WATCH ABOVE: Criticized by the Auditor General in 2018 for attempting to influence the placement of two GO stations, del Duca maintains the story won't hurt his leadership chances

TORONTO – Former Ontario Liberal cabinet minister Steven Del Duca has launched a leadership bid as the party seeks to recover from last year’s electoral decimation.

Del Duca announced his candidacy for the Liberal leadership Wednesday, saying he will ensure that at least 30 candidates are under the age of 30 and commit to having at least half of the slate of 124 be women.

The 45-year-old held the roles of economic development minister and transportation minister in former premier Kathleen Wynne’s government before losing his Vaughan, Ont., seat last spring when Doug Ford’s Progressive Conservatives won power.

In a video posted to his website, he credits his parents with instilling in him the values of hard work and tenacity and said the next Liberal leader will need those qualities.

READ MORE: Interim Ontario Liberal leader Fraser says leadership race may not come until 2020


Del Duca was one of many Liberals to be defeated in the provincial election, as the party went from a majority government to holding seven seats – not enough for official status in the legislature.

The former cabinet minister said he’s jumping in race, which has not yet officially started, because he’s concerned about how the Progressive Conservative government is handling a wide variety of issues.

“I’m in because I want my kids to grow up in a province where everyone has a fair shot to be their best, where our economy grows because we focus on dignity for workers while supporting entrepreneurship and celebrating success,” he said.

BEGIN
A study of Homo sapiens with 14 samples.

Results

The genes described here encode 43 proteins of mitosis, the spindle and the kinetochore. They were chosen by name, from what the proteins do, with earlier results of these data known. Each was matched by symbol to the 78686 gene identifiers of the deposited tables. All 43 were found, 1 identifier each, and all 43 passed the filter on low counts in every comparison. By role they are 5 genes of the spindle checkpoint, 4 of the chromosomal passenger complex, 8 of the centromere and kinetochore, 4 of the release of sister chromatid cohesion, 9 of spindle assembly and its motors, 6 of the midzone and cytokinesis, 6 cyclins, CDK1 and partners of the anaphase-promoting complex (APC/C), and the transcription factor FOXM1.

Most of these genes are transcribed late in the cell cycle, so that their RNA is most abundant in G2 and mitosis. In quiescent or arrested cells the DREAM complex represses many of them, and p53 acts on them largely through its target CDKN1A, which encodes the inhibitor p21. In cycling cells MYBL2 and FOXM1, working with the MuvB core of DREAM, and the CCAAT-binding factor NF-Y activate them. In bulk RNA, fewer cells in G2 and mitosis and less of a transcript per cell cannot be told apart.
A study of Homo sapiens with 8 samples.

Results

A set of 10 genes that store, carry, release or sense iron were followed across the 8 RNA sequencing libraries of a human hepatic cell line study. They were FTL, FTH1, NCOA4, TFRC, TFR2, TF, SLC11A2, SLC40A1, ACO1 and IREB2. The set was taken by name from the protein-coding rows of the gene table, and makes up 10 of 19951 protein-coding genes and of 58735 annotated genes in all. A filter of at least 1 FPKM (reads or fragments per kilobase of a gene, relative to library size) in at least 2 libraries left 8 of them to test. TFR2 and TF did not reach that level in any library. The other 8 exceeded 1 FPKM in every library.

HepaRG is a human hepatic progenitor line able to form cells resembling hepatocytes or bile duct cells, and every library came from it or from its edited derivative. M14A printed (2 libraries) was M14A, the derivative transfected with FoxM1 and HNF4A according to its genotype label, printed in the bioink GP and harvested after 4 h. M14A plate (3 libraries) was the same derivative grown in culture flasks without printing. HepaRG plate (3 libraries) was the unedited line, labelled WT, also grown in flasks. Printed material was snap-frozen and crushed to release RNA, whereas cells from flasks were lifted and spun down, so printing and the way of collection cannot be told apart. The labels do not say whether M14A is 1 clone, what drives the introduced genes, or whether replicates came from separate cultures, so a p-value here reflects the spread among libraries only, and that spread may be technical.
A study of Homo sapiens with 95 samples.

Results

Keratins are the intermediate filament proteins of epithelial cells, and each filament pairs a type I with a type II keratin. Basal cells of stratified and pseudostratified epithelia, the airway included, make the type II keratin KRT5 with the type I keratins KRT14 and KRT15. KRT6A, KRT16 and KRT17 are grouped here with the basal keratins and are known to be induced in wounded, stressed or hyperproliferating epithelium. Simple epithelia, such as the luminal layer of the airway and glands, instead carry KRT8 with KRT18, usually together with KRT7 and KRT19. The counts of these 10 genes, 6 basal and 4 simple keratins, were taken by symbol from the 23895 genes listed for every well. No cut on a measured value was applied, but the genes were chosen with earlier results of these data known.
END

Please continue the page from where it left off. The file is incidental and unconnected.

READ MORE: What’s next for the Liberal Party after its historic Ontario election defeat?

“Where no family ever has to choose between paying their rent or buying the medicine they need, where climate change is tackled head on and where our precious air and water remain clean and where every single hard earned dollar is invested respectfully and responsibly.”

The Liberals held a convention in September to review their decisive defeat at the polls, and party leadership travelled the province in the fall to meet with members and riding associations.


The party will also have to tackle a multimillion-dollar debt accumulated during last year’s election campaign. According to filings with Elections Ontario, the Liberals took on $10 million of debt for the spring vote, with $9.3 million of that amount yet to be paid off.

Other potential candidates are mulling bids or are expected to formally launch campaigns in the coming months.

Former child and youth services minister Michael Coteau, who held on to his Don Valley East seat, has already indicated he will run for the leadership. He said he will have a formal campaign launch later, but has spent the last month and a half organizing.

“I’m running because I believe Ontario is not prepared for the big changes that are here, that are actually taking place in our economy,” he said. “I’m running because of the economic divide that’s taking place and the erosion of the middle class and I’m running to ensure there’s a party that’s ready to take on the challenges that Ontario is going to face…over the next few decades.”

Former education minister Mitzie Hunter said that she is also strongly considering a bid.


“There is consideration, but I would say there’s other colleagues and former colleagues and lots of people who are considering,” she said. “I think it’s very important that it’s a healthy, respectful leadership and it will show Ontarians how strong the party is.”